A crooked tooth. That funky mole. A pimple on your chin. When you stare into the mirror and pick apart the little imperfections, you're doing more than being too hard on yourself. In fact, that behavior—understanding that your reflection is you, and seeing how you differ from other people—is often taken as a demonstration of some complex cognitive gymnastics that not all species can pull off.
Since the 1970s psychologists have used mirrors to search for signs of self-awareness in both humans and animals. Along the way, they came to believe that humans were almost universally able to pass a mirror-based self-recognition test by 24 months of age. But a 2004 study published in Child Development called that idea into question. Researchers found the widely accepted finding only applied to kids from Western nations, where most of the previous studies had been done. Now, a study published September 9 in The Journal of Cross-Cultural Psychology is reinforcing that idea and taking it further. Not only do non-Western kids fail to pass the mirror self-recognition test by 24 months—in some countries, they still are not succeeding at six years old.
What does it mean? Are kids in places like Fiji and Kenya really unable to figure out a mirror? Do these children lack the ability to psychologically separate themselves from other humans? Not likely. Instead researchers say these results point to long-standing debates about what counts as mirror self-recognition, and how results of the test ought to be interpreted.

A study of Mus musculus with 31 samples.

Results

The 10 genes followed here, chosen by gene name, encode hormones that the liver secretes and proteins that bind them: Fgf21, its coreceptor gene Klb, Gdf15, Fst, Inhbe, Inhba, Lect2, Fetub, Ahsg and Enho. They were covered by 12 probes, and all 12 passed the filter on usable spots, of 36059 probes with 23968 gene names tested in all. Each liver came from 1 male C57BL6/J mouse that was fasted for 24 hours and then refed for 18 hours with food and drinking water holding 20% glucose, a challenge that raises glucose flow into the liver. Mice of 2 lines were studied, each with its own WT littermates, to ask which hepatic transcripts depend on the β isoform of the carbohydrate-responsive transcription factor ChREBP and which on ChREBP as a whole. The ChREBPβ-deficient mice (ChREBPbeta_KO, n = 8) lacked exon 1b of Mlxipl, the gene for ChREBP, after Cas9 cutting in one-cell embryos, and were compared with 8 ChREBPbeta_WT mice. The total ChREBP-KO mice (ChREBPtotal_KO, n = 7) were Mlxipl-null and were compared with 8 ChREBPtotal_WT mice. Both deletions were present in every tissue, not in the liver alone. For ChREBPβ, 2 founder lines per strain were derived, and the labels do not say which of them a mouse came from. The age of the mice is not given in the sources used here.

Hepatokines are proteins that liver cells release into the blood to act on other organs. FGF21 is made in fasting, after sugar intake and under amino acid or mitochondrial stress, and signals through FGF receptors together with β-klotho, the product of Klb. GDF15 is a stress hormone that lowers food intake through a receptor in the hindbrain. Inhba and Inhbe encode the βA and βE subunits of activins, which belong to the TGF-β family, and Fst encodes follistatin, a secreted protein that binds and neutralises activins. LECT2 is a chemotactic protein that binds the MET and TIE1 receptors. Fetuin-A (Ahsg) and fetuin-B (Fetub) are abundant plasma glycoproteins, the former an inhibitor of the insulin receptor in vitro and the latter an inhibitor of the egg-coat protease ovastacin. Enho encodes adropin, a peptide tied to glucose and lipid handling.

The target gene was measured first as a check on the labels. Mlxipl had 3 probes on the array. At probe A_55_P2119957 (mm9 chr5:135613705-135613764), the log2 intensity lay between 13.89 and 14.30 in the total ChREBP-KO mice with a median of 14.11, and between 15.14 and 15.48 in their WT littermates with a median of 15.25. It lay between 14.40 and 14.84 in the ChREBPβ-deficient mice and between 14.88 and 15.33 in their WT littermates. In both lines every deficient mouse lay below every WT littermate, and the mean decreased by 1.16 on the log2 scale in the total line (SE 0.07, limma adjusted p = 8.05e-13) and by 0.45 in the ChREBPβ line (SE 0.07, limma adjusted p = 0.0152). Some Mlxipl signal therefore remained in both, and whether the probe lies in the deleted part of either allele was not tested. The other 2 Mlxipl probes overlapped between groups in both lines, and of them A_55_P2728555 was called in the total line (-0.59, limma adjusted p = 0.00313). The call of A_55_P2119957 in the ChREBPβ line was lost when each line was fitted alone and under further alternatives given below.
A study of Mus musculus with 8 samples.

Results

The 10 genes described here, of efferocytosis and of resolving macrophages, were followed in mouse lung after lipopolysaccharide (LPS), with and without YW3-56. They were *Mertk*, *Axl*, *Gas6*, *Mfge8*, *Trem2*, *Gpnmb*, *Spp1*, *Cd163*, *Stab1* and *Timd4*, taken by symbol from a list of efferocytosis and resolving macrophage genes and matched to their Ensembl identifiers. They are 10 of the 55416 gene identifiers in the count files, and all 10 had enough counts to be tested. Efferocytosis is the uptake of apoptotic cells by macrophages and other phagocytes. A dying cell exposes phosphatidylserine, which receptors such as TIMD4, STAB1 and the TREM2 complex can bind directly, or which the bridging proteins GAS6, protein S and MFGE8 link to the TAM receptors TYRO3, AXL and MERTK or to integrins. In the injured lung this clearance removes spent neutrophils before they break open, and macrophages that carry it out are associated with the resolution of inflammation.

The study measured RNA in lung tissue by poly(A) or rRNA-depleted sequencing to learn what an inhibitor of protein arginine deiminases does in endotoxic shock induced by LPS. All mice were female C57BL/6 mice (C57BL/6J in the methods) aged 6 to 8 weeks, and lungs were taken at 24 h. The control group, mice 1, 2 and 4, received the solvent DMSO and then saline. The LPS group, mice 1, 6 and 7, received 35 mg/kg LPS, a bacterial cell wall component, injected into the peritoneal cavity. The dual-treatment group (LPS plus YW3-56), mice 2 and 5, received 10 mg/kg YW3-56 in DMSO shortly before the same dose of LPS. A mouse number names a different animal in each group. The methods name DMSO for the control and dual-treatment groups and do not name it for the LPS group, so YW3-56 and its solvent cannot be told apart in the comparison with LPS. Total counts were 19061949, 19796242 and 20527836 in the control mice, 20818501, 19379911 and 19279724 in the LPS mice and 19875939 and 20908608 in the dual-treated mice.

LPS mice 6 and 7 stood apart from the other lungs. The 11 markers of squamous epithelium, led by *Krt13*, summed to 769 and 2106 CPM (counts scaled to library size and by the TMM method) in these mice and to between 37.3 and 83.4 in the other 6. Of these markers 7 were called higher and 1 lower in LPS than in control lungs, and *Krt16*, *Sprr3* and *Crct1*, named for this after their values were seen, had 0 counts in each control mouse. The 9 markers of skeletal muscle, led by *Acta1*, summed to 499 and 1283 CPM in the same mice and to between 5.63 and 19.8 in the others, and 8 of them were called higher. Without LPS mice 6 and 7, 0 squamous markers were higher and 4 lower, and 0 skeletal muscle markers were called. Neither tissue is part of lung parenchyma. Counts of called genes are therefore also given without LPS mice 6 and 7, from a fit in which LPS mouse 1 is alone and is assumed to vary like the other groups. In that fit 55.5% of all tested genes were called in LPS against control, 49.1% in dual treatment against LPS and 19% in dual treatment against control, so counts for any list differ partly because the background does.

Strange results and 'freezing' behavior
The classic mirror test of self-recognition starts with a mark placed on a subject's body, somewhere he or she can't see it without help—such as the forehead or back of the shoulder. Then subjects are put in front of a mirror. To pass the test they have to first figure out that the reflection they see is not somebody else, understand that it is themselves, and then examine their bodies enough to find the mark. Finally, they have to realize the mark shouldn't be there and try to remove it.
The theory is that subjects who pass the test—animal or human—are self-aware, says Tanya Broesch, a doctoral candidate in Emory University's Department of Psychology and lead author on the 2010 study. That is, the subject understands the concepts of "self" and "others," can differentiate between the two, and can recognize themselves in the reflection. Based on results with Western children, psychologists have linked the age humans start passing the mark test with other milestones that happen around the same time, such as development of empathy. The ability to separate oneself from others is often thought of as a prerequisite for understanding that someone else might be hurt or sad, even if the beholder is not.
But when Broesch tried the mark mirror test outside the U.S. and Canada, she got some strange results. In Kenya, for instance, only two out of 82 children, some as old as six, passed. But the kids who did not pass were not psychologically damaged or lacking empathy. And most displayed what Broesch calls "freezing" behavior—the children did not greet or smile at their reflection. Instead, they stood still and seemed deeply uncomfortable.
Broesch thinks that freezing is indirect evidence of self-awareness. The kids didn't pass the mark test, per se, but their behavior still demonstrated that they knew they were looking at themselves. Diana Reiss, a professor of psychology at Hunter College in New York City, agrees. She works with animals, primarily dolphins, and she says that relying solely on the mark test to measure self-awareness can give you a false negative.
"I think it's gotten confused in the field. We've forgotten that the behavior itself is also an objective means of showing that the subject understands self," she says.